Capitol riots: Over 300 people charged with participation in the protests

The riots led to the deaths of five people, four rioters and one police officer.

Protesters climb the wall of the US Capitol, January 6, 2021.  (photo credit: Courtesy)
Protesters climb the wall of the US Capitol, January 6, 2021.
(photo credit: Courtesy)
The US Justice Department has charged more than 300 people with taking part in the deadly storming of the Capitol by former President Donald Trump's supporters, and at least 280 have been arrested, Acting Deputy Attorney General John Carlin told reporters on Friday.
The riots led to the deaths of five people, four rioters and one police officer. At least 158 police officers were injured and an unknown number of protesters who supported former US President Donald Trump.
The FBI has been investigating whether far-right fringe groups such as the Oath Keepers and Proud Boys conspired in advance to impede the election certification.
So far, at least 18 associates of the Proud Boys have been charged in connection with the riots. This month, prosecutors also charged nine associates of the Oath Keepers in connection with an alleged plot to storm the Capitol dating as far back as November 2020.
The senior FBI official told reporters that domestic extremists have increasingly posed grave threats for several years, and said anti-government extremist threats marked the biggest threat in 2020 and remain a top concern.
"2020 was a very big year for us. The violent reaction to a mixture of events that took place around the country is unlike anything we have seen in decades," the official said, noting that three of the four fatal domestic terrorism attacks came from people who ascribe to an "anti-government or anti-authority violent extremist ideology."
One protester, Oath Keepers leader Jessica Watkins, claimed that she "fell prey to the false and inflammatory claims of the former president, his supporters, and the right wing media."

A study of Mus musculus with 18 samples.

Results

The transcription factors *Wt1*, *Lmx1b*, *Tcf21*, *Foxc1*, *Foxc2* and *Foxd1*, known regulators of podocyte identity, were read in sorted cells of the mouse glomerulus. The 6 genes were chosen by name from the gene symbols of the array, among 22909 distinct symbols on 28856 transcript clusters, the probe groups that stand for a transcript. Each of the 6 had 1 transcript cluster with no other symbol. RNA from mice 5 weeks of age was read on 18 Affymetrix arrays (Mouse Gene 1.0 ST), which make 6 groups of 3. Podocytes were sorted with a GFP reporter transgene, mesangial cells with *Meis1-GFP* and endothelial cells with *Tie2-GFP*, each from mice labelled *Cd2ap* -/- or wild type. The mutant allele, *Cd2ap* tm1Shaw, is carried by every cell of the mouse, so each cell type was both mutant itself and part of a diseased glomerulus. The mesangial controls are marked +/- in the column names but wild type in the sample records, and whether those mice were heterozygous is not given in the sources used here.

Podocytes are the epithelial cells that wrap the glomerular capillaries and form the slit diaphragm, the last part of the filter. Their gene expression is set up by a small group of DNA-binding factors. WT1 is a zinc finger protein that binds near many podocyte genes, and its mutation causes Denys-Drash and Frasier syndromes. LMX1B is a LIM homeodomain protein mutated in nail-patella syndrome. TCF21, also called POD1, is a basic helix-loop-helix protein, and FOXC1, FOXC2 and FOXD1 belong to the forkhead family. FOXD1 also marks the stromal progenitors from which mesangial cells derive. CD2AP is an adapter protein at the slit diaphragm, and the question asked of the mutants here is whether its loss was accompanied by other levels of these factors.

She was charged with conspiring to storm the Capitol to prevent Congress from certifying President Joe Biden's election victory and pleaded not guilty to the conspiracy charges.
Watkins' motion states that after the riots took place, she "believed the right wing media's assertions that the violence was perpetrated by 'antifa' or others."
Capitol Police Officer Brian Sicknick died from injuries sustained at the riots. Four protesters also died, Ashli Elizabeth Babbitt, Rosanne Boyland, Kevin Greeson and Benjamin Philips. Babbitt and Boyland were both very active in online QAnon conspiracy theory debates and are said to have been believers of it. 
Based on a series of posts on the 4chan website by a user self-named as Q, the theory is that the US is largely controlled by the Deep State and that an alleged cooperation between liberal elites, pedophiles, and Satan worshippers. 
The theory claims Trump, a former reality show host who owned casinos, is meant to redeem America by exposing these crimes. 
The user chose Q to suggest he, or she, enjoys a security clearance by the US Department of Energy which would give access to top secret information and so to such alleged dark secrets kept hidden from the public. 
Jacob Chansley, the protester who became known around the world when he stormed the Capitol wearing horns and no shirt, said that Trump "let a lot of peaceful people down" and expressed regret over his actions, US News reported.
He pleaded the public to “be patient with me and other peaceful people who, like me, are having a very difficult time piecing together all that happened to us, around us, and by us. We are good people who care deeply about our country.”